The most popular shopping destination in the city is the Gateway, 18 N. Rio Grande St. (tel. 801/456-0000; www.shopthegateway.com), a large, open-air shopping mall and entertainment and dining center. It covers 2 city blocks near EnergySolutions Arena and features 90 shops (anchored by Barnes & Noble and Dick's Sporting Goods), plus movie theaters, museums and other attractions, and restaurants. The historic Union Pacific Railroad Depot serves as the main entrance.

Before Gateway debuted, the Temple Square area had long been the city's top shopping destination, with two downtown malls, the ZCMI Center and Crossroads Mall, offering 130 shops right across the street from the square. The malls are being redeveloped as the $1-billion City Creek Center, scheduled for completion in 2012 and anchored by Macy's and Nordstrom.

Also downtown, Sam Weller's, 254 S. Main St. (tel. 801/328-2586; www.samwellers.com), is Utah's largest bookstore, selling both new and used titles as well as coffee.

Mormon Handicraft, in the Family Center Deseret Book at 1110 E. Fort Union Blvd. (tel. 800/843-1480 or 801/561-8777; www.mormonhandicraft.com), was born during the Depression to encourage home industry and preserve pioneer arts. It carries a large inventory of quilting fabrics and supplies, as well as handmade quilts. It also stocks a wide variety of other crafts, plus religious books and videos.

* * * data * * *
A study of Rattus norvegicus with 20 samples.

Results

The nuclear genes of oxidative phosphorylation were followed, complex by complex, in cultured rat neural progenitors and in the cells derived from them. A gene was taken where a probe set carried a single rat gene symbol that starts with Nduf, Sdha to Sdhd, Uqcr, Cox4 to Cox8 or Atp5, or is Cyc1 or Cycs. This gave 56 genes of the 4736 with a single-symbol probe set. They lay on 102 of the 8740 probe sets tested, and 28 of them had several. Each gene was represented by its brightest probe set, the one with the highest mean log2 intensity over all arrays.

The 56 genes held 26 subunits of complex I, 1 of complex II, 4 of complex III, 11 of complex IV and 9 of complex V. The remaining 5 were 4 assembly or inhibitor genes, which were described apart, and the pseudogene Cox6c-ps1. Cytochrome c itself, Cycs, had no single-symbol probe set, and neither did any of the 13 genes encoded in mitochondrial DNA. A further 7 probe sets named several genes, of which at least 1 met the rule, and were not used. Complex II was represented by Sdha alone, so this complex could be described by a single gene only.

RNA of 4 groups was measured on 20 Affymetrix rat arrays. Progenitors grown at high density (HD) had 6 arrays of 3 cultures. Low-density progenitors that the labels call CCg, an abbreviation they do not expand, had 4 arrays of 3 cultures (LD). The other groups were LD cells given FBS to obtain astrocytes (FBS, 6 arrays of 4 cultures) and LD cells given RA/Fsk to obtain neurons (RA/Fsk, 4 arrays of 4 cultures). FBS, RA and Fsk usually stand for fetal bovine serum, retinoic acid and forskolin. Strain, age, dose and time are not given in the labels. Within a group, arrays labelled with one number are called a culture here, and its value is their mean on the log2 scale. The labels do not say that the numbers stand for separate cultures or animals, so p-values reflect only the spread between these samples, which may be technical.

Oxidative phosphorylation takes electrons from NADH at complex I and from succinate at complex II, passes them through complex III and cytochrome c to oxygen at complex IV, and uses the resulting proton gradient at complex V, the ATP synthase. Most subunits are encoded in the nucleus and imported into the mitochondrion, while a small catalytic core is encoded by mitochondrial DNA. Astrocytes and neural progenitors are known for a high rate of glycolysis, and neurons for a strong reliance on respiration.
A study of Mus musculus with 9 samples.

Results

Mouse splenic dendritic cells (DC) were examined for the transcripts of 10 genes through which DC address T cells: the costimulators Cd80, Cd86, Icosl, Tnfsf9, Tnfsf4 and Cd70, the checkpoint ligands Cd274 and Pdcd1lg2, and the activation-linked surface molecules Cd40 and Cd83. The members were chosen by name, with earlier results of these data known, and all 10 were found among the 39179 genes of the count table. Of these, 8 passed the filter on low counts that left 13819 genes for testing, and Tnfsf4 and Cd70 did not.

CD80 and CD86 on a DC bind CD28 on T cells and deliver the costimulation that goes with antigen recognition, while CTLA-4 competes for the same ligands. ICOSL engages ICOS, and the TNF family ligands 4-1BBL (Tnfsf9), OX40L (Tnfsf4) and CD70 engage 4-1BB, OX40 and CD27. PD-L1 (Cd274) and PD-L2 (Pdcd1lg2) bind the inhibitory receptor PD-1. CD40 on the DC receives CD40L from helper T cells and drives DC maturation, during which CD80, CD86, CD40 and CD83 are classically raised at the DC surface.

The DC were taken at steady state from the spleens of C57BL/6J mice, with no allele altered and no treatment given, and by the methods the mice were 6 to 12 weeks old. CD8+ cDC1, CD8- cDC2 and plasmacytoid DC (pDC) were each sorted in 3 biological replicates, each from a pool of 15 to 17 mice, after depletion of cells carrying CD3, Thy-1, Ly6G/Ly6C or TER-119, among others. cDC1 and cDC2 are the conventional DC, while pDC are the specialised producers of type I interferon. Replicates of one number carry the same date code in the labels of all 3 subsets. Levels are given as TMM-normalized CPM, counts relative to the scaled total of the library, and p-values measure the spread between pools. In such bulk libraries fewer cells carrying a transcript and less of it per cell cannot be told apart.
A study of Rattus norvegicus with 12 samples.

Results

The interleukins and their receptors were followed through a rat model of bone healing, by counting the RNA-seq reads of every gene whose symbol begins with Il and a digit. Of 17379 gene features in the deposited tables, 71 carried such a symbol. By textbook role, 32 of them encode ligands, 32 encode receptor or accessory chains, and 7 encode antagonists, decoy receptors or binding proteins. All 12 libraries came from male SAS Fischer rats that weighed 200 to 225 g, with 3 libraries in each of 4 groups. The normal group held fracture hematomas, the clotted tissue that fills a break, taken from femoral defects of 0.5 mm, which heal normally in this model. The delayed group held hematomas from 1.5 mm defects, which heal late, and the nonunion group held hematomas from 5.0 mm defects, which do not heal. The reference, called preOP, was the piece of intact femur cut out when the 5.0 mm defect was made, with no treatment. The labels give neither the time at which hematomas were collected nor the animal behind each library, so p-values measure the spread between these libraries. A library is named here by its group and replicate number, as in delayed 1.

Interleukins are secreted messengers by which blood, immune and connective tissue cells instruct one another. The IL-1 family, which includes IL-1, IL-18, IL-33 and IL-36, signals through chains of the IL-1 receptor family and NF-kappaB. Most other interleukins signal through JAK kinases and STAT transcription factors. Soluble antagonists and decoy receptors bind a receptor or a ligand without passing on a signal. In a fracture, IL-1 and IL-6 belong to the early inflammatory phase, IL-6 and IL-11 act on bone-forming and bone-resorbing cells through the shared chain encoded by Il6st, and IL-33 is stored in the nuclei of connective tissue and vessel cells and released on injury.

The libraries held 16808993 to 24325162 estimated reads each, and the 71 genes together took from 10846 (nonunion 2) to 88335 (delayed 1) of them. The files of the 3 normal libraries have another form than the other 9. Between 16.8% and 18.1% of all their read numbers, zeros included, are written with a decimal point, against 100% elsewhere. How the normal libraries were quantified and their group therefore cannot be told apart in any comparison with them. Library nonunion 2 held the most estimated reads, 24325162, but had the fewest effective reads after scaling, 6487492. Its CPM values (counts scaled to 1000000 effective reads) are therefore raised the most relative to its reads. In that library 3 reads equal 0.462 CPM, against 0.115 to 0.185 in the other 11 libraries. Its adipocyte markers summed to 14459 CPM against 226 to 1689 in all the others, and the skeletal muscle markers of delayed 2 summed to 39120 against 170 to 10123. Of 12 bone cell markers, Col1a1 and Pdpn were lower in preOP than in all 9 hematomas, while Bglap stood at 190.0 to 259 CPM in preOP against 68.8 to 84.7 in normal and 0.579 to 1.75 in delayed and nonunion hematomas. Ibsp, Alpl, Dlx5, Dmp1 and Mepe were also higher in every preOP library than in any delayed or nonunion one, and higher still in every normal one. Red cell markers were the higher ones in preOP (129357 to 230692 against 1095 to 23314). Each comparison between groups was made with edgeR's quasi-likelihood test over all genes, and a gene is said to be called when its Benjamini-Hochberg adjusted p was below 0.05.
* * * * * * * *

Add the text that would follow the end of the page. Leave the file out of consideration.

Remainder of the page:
A major redevelopment -- including luxury condos -- is underway at Historic Trolley Square, 600 South at 700 East (tel. 801/521-9877; www.trolleysquare.com), with modern shops, galleries, and restaurants in an old-fashioned setting. You'll also see two of the city's original trolley cars, a historic water tower, and two of the city's first streetlamps.

Although you couldn't yet call Salt Lake City an arts center, it does have a growing arts community, along with 20 or so galleries. One of the oldest galleries in Salt Lake City, the Phillips Gallery, 444 E. 200 South (tel. 801/364-8284; www.phillips-gallery.com), represents over 100 artists, most of whom are Utahns, displaying everything from traditional to contemporary paintings, sculptures, and ceramics. The "A" Gallery, 1321 S. 2100 East (tel. 801/583-4800; www.agalleryonline.com), is a large, long-standing contemporary art gallery featuring a sculpture garden. The Hope Gallery, 151 Main St. (tel. 801/532-1336; www.hopegallery.com), is a 15,000-square-foot facility focusing on late-19th- and early-20th-century European and Scandinavian fine art.

Note: This information was accurate when it was published, but can change without notice. Please be sure to confirm all rates and details directly with the companies in question before planning your trip.